PhD in Journalism
Admission Contact Information
Sarah Smith-Frigerio (firstname.lastname@example.org)
179A Gannett Hall
Columbia, MO 65211
About the Doctorate
The objective of the doctoral program is to develop an ability to conduct independent and advanced scholarly research and to integrate this skill with a depth of scholarship in journalism and mass communication. Although it is primarily a research degree, the PhD is designed to facilitate a variety of academic aims. Students must expand their intellectual horizons, gain a theoretical framework for examining and understanding communication and refine their own communication competencies.
Doctoral Admission Criteria
Fall deadline: December 15
Spring deadline: September 1
- Minimum Academic IELTS scores:
- Minimum TOEFL scores:
|Internet-based test (iBT)||Paper-based test (PBT)|
- Minimum GRE scores:
|When did you take the GRE?||Verbal + Quantitative|
|Prior to August 1, 2011||1100|
|On or After August 1, 2011||V: 156+; Q: 146+|
- Minimum GPA: 3.0, undergraduate, 3.5, graduate
Applicants should have demonstrated interest, education or professional experience in journalism, advertising, public relations, mass communication or a related field. A degree (bachelor’s or master’s) in one of those fields or two years of full-time professional media experience is preferred. All required information must be received before the admission review can begin. Applicants may be required to participate in an interview with the doctoral faculty as part of the review process. Students who did not write a thesis in their master’s program may be required to complete a project to demonstrate their ability to do independent research.
Deadlines for application are December 15 for fall entry and September 1 for spring. Deadlines are firm, and no applicant is considered for admission until all required information is received.
Required Application Materials
Upload the following application materials into the Graduate School's online application system:
- All required Graduate School documents
- Statement of Doctoral Objectives
- An abstract of your master’s thesis (or thesis proposal, if your thesis is not yet complete)
- Unofficial transcripts
- 3 letters of recommendation (use the online Graduate School application system)
Financial Aid from the Program
Doctoral students are provided assistantship and scholarship support for a maximum of six terms (three years). Contact the department for details on this financial assistance.
Plan of Study
Doctoral study in journalism and mass communication is an interdisciplinary enterprise. The doctoral program is designed by the student in collaboration with the advisor and doctoral committee. Course selections are based on the intellectual requirements of the dissertation and the teaching areas the student wishes to pursue. No courses that focus primarily on professional skills may be counted toward the doctoral program, whether taken at the master’s or the doctoral level. Courses from journalism should compose no more than two-thirds of the total credit.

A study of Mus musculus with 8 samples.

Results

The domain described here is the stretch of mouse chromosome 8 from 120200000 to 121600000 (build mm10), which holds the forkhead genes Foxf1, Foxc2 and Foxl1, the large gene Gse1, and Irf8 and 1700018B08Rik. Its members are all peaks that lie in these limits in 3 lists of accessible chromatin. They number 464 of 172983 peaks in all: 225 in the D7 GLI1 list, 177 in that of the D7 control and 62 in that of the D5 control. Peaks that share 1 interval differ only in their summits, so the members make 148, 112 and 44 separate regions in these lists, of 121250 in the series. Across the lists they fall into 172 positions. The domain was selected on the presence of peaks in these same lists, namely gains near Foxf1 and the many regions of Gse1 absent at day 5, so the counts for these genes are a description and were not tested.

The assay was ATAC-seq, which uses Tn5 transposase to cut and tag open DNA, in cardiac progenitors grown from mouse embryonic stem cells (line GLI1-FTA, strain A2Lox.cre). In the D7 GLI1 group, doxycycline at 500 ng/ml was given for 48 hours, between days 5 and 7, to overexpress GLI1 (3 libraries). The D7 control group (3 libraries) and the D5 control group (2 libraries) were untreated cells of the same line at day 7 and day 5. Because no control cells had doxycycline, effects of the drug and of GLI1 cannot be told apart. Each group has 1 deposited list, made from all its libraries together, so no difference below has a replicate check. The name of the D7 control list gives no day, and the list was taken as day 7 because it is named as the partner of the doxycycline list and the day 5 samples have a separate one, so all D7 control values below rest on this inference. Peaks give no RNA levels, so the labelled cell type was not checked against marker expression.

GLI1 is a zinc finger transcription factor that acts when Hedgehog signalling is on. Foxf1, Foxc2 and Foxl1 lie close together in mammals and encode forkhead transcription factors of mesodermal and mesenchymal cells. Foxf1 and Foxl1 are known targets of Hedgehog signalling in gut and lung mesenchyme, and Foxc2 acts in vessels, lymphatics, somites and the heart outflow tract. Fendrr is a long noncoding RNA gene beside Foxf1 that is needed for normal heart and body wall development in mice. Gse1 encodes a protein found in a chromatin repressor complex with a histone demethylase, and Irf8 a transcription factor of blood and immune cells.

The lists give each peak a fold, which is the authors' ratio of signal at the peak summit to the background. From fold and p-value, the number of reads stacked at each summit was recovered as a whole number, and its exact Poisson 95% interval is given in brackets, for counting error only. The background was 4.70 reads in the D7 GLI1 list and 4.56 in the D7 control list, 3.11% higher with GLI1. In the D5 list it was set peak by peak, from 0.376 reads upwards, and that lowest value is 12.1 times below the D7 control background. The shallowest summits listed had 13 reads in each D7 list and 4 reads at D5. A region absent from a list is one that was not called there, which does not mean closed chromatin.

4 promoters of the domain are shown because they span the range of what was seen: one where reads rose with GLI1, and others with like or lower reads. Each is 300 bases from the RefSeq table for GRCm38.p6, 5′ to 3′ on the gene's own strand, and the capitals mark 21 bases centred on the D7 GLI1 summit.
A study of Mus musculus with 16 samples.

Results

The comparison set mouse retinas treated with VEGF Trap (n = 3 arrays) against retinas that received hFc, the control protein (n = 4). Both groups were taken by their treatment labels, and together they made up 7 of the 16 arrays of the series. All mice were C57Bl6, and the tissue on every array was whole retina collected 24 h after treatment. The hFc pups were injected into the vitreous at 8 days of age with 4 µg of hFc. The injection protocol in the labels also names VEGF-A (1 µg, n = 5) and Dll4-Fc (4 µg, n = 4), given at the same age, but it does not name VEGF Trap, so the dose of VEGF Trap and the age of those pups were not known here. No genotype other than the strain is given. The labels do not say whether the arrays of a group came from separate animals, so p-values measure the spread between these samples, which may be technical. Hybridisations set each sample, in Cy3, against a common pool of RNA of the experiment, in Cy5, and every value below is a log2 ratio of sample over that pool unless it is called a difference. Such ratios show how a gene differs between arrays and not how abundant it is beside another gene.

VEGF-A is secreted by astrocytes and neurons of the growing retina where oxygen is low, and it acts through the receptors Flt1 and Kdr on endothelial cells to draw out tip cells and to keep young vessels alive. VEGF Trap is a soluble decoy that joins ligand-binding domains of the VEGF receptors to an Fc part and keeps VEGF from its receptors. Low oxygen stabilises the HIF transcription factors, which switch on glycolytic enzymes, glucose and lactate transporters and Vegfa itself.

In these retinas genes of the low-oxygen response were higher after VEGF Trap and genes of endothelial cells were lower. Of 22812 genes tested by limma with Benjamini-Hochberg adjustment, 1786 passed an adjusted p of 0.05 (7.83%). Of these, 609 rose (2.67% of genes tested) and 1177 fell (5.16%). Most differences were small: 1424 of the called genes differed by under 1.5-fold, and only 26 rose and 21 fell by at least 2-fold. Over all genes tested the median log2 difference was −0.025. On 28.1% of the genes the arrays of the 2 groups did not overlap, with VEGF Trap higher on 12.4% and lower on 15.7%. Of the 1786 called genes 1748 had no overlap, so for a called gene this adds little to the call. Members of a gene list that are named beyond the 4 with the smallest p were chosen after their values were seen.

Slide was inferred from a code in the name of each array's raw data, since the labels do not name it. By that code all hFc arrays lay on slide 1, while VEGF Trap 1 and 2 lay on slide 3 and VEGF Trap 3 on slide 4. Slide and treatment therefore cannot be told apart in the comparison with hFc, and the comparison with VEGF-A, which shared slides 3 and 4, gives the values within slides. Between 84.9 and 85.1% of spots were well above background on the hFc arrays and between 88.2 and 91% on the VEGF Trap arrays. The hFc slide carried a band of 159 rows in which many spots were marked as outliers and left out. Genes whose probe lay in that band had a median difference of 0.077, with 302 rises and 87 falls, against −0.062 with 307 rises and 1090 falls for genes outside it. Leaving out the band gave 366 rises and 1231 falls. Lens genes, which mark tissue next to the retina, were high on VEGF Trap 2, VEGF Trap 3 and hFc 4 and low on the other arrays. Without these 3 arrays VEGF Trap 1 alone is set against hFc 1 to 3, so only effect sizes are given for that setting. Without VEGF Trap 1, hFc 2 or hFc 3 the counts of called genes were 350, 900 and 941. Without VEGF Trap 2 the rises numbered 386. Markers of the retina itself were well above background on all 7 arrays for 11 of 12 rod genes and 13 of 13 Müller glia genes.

Students must develop two research tools, pass qualifying and comprehensive examinations, submit and defend a dissertation, and satisfactorily meet all other requirements of the Graduate School. Doctoral Theory and Research I (JOURN 9000), Doctoral Theory and Research II (JOURN 9006), Doctoral Research Design (JOURN 9010) and Professional Development (JOURN 9087) are required of all PhD students.
Students are admitted to the PhD program in journalism when they have passed Doctoral Research Design (qualifying examination), which must be taken the semester in which the student completes 18 hours. Graduate School regulations about comprehensive examinations, dissertations, plans of study, residency and other matters are specified in the Degree Requirements section of the catalog.
Foreign Language & Research Tool Requirements
Students are expected to have a background in a foreign language or to develop research tools. The language requirement may be met by three semesters of college-level foreign language courses or an equivalency acceptable to the doctoral faculty. At the discretion of the student’s doctoral committee and the associate dean for graduate studies, a second tool may be used to substitute for the language requirement.
There are four research tool options:
- competency in a second foreign language. This may be satisfied by two years of college-level work recently passed with a grade of C or better or an acceptable ETS score. A foreign language is one that is non-native or not the primary language used in the student’s school system;
- computer proficiency as evidenced by completion of two computer courses or an equivalency acceptable to the doctoral faculty;
- two courses in statistics;
- two 7000 or 8000-level research methods courses outside the School of Journalism.
A grade of A or B must be made in any course used for options 2, 3 or 4.
Doctoral students who plan to teach will participate in a teaching program. Each student’s teaching skills will be evaluated in the first year of study, at which point planning for the student’s future teaching opportunities begins. Most students will serve as teaching assistants in such classes as JOURN 1100 or JOURN 2100 during their third semester in the program.
In the student’s fourth semester, he/she may have an additional teaching experience, either as a teaching assistant, co-instructor or instructor of record in a course. Depending on the student’s ability and desire, students might teach a course independently during later semesters.